New Zealand promoters are urging Ticketmaster to follow the lead of their sister UK firm and shut down their resale site in this part of the world.
The New Zealand Promoters Association has been lobbying the Government about the problems of the secondary market and president Brent Eccles – who runs Eccles Entertainment and heads up Frontier Touring’s NZ operation – believes the closure of Ticketmaster Resale would be a step in the right direction.
Nevertheless, as in Australia, the activities of companies such as Viagogo still posed a threat and he is confident that the Government will look at further measure to curb dubious activity in the secondary market.
The issue is certainly attracting increasing media and public attention. The TVNZ consumer watchdog show Fair Go has run a number of items about the fans who have lost out by buying tickets through Viagogo, while the Commerce Commission is currently investigating more than 300 complaints about the company. The NZ competition and consumer agency is taking legal advice on whether it can take legal action against the Swiss-based Viagogo.
Manolo Echave, who represents Chugg Entertainment in New Zealand, is sceptical whether local laws can be enforced on a company which operates outside of New Zealand. He points out that the Major Events Management Act, which prevents people from on-selling tickets for more than the original price for events such as last year’s Lions’ rugby tour, hasn’t stopped people from selling tickets at inflated prices on platforms like Viagogo.
“They didn’t actually have a mechanism to stop it,” Echave says. “The tickets were actually genuine tickets, but they were being sold on these overseas sites. So even though the legislation was in place, the ticketing mechanism was based overseas so they couldn’t touch them.”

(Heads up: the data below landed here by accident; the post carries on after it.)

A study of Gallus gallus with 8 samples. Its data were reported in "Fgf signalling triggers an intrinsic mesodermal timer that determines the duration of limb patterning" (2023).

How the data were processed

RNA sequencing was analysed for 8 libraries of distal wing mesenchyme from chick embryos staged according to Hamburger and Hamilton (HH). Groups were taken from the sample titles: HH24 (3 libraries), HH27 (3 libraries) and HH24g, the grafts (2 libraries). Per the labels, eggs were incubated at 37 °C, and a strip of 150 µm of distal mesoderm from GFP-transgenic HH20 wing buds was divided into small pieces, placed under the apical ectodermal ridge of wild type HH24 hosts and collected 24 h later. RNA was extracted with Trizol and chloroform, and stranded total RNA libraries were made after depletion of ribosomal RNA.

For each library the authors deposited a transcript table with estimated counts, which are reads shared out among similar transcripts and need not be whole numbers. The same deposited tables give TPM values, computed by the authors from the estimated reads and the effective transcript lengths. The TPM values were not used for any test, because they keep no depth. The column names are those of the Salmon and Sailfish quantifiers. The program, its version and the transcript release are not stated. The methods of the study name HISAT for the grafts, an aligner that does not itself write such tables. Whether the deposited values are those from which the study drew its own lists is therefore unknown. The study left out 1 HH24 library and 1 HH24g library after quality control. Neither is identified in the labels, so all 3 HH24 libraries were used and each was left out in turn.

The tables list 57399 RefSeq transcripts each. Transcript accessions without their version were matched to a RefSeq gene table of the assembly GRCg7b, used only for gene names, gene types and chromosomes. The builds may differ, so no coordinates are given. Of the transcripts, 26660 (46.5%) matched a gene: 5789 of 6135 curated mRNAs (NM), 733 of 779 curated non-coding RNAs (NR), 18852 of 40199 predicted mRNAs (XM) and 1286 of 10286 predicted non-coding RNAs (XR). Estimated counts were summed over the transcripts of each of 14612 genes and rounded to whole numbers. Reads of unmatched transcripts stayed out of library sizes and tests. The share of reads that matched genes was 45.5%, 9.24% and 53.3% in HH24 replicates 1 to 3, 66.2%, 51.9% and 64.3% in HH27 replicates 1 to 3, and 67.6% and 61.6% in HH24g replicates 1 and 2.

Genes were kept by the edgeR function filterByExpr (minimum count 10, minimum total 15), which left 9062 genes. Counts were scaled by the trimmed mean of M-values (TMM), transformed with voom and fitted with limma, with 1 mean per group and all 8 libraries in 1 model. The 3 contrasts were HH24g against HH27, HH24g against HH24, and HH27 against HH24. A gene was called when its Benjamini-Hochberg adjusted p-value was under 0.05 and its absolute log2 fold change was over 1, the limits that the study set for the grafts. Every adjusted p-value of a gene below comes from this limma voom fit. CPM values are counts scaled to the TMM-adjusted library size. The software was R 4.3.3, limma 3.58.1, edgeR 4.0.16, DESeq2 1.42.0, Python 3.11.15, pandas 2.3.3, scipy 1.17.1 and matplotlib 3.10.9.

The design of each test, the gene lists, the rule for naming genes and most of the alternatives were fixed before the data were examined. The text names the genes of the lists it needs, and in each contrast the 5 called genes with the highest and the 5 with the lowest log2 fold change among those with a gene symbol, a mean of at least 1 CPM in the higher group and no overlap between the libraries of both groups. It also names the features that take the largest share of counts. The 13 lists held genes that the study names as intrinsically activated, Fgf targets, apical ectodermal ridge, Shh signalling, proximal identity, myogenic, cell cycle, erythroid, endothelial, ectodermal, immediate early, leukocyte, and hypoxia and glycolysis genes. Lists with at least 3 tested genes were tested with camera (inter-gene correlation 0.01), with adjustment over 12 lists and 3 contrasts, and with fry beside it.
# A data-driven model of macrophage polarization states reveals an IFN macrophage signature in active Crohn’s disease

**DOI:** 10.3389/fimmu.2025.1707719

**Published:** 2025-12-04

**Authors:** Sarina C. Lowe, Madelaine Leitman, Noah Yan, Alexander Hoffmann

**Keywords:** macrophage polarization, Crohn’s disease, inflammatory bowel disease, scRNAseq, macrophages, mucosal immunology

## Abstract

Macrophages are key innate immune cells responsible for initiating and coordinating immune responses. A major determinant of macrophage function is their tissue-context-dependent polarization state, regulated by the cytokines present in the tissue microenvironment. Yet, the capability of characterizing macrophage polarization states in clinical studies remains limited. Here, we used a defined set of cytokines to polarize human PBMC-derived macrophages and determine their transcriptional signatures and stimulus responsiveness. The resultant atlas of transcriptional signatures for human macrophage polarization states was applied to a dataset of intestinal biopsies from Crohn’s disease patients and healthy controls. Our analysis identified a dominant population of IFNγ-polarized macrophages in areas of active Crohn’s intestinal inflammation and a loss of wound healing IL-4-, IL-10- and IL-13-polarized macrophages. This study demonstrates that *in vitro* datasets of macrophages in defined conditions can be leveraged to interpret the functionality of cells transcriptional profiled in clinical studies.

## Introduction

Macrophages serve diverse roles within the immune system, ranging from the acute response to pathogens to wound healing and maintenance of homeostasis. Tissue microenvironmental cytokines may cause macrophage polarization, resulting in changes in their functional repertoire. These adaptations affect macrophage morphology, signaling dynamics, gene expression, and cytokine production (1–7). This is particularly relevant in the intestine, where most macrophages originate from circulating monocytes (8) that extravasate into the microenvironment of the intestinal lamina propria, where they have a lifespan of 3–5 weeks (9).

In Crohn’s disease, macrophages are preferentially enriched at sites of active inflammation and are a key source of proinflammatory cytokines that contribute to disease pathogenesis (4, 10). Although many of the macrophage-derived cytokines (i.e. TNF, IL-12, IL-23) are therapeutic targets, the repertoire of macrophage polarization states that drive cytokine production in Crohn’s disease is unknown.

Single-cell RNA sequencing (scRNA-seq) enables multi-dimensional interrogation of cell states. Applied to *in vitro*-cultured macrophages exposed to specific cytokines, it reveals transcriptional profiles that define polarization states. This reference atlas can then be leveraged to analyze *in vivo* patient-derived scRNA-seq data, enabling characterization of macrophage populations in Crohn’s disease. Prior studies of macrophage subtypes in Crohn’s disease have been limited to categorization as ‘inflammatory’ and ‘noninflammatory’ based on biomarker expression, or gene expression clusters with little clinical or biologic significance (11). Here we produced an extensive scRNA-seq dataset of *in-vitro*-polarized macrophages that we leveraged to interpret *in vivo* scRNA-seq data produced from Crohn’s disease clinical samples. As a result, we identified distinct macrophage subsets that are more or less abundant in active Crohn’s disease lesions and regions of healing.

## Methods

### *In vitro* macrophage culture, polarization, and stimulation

In the UK, Ticketmaster intends replacing its resale site with a ticket exchange, where fans would be able to sell unwanted tickets at face value or below. Layton Lillas, a director of the Showcase Entertainment Group, says if a similar platform was launched here, it would help reduce some of problems in the secondary market. However, he maintains that in the past, people who had a genuine reason for a refund, would usually be able to get one through a promoter.
“I can count on one hand the number of time we have refused to give a refund for a ticket,” he says. “If people have got a legitimate reason, we will always refund, so therefore the whole reason for these resale platforms is nothing more than money-making.”
Along with his fellow promoters, Lillas believes there needs to be tighter controls on how tickets come to be made available on resale sites. He cites a case of a show he had promoted where a large quantity of tickets appeared on a resale site, even though he had only sold a much smaller number of tickets at the time.
Echave says there is no easy quick fix for the problems in the secondary market, but he believes there are number of different legal options that could be pursued to curb the worst excesses. And all three agreed that something had to be done because it is the fans that suffer in the end.
“I just don’t see why resale sites should be allowed to exist – they have no skin in the deal at all,” adds Eccles. “It is horrible seeing what happens to punters who have bought on Viagogo and the tickets don’t turn up, or where they have paid big money and can’t get into the venue.”